Dr Michelle Sanson is an international lawyer with degrees in business, law and adult education. Five years ago, she left behind her career in legal practice and academia to apply her professional skills in humanitarian contexts.
“I can recall sitting at home seeing news of devastation from things like war and tsunamis, and I just felt so powerless, like there was nothing I could do to help those people’s suffering”, she says.
“I feel so fortunate to have the opportunity to deploy to some of these contexts, and contribute in some way. But it doesn’t make me a good or superior person – we all contribute in our own way – lawyers, engineers and other professionals may work in an office and it is their taxes that enable our country to help others in need.”
Michelle has worked in conflict settings, natural disasters and complex emergencies, in places like South Sudan, Afghanistan, the Middle East, Southeast Asia, and the Pacific. Her work is focused on the protection of human rights in these contexts.
“In humanitarian work there are responders from many different professional areas, and we work together and learn from one another”, Michelle says.
“For example in an evacuation centre or camp setting, while a water and sanitation engineer may focus on the placement of latrines and ensure their technical suitability to the environment, someone like me focuses on ensuring safety and dignity by thinking about ways to reduce the risk of gender-based violence, such as through having separate facilities for males and females, and locating facilities in a central place with good lighting, or making sure they are accessible to people with disabilities”.
Michelle recalled an example of a refugee camp in Jordan where, for cultural reasons, women and girls could not go to common latrines in the evening, and families dug small troughs for use beside the family tent.
“There was the obvious hygiene issue, but the land was also very porous and there was concern about contamination of the water table not far underneath, which would have had consequences for the host population’s water supply. This sort of thing can fuel tensions between refugees and host communities, which can become big problems."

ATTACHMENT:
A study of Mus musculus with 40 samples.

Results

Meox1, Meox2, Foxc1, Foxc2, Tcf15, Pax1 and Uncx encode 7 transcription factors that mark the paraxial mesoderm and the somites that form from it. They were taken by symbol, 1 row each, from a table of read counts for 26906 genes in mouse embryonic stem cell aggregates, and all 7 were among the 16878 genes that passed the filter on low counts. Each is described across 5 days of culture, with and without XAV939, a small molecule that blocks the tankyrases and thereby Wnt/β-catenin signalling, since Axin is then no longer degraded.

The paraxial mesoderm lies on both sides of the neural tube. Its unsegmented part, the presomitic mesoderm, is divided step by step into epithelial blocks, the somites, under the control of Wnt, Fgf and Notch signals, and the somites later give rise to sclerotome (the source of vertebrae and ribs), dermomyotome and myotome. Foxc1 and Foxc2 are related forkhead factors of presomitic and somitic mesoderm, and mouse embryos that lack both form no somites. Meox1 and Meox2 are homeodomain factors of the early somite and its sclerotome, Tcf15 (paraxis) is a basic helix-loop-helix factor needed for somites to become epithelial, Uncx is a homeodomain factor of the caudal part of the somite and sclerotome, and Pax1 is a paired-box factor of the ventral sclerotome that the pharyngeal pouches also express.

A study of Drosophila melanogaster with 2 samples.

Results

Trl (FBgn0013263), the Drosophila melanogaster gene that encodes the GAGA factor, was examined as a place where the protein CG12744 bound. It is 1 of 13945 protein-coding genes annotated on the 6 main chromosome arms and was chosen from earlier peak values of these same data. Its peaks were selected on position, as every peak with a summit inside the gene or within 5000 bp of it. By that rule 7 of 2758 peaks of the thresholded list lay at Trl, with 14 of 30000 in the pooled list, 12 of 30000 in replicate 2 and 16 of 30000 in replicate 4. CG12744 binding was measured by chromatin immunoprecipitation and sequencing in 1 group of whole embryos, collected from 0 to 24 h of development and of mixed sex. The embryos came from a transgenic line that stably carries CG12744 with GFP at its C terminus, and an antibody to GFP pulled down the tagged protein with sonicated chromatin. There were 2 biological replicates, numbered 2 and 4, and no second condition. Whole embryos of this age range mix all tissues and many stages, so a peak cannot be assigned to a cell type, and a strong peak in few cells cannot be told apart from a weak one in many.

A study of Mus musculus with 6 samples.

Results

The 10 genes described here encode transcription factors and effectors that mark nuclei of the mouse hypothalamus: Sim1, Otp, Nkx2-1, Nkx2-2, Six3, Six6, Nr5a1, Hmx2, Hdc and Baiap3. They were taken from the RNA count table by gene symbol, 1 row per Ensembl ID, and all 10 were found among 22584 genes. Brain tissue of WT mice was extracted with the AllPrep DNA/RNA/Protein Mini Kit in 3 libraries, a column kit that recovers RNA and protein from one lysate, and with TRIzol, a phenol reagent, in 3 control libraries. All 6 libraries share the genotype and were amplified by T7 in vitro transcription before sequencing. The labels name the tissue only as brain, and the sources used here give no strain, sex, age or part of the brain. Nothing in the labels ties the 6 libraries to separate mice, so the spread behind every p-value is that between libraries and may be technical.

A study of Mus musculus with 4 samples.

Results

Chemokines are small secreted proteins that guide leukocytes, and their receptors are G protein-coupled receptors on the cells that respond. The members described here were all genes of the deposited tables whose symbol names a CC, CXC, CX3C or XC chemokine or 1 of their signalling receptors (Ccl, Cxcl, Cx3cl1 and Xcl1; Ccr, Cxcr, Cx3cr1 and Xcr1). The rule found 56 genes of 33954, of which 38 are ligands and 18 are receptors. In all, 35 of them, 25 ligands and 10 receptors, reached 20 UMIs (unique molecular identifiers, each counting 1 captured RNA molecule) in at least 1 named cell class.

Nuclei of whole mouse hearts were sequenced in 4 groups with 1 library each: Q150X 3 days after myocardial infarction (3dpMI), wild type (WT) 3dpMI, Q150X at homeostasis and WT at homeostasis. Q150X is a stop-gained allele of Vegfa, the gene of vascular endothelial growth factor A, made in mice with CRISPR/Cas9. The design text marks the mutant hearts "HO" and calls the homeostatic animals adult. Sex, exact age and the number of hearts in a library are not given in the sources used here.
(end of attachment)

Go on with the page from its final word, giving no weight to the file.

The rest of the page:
“While logisticians may be focused on ensuring a certain volume of metric tonnes of food assistance is procured and reaches a particular affected area in as short a time as possible, someone like me looks at how the assistance will be delivered, who it will reach and who may miss out,” she says. “You can’t just assume that everyone will get some; there’s always the invisible and voiceless, and that can include the elderly, people with disabilities and people from minority ethnic groups.
“If you just pull up with a truck and start distributing items, or worse, organise an air drop, who is going to get the assistance? Only those who have the physical strength to push and shove and get what they need. It is the less physically able who may miss out, and you end up with an even greater gap in power and resources. Then you have to ask yourself, what will the “haves” expect to get from the “have nots” in return for sharing some of the assistance?”
“I can’t really describe a day in my life, they are all so varied. I’m deployed as a gender and protection specialist with UN Women in Fiji at the moment and yesterday I was in the field speaking with first responders from last year’s Tropical Cyclone Winston which affected 350,000 people”.
“It was really inspiring to speak with some people who provided psychological first aid in the early days after the disaster, and to hear the stories of people with disabilities who mobilised to identify and assess needs of people with disabilities, and get them assistance that is vital for their safety, mobility and dignity, like adult diapers and assistance devices. We’re right in the middle of cyclone season again right now, and we’re looking at how these local organisations can be supported to help the most vulnerable in their communities, if another cyclone comes through,” Michelle said.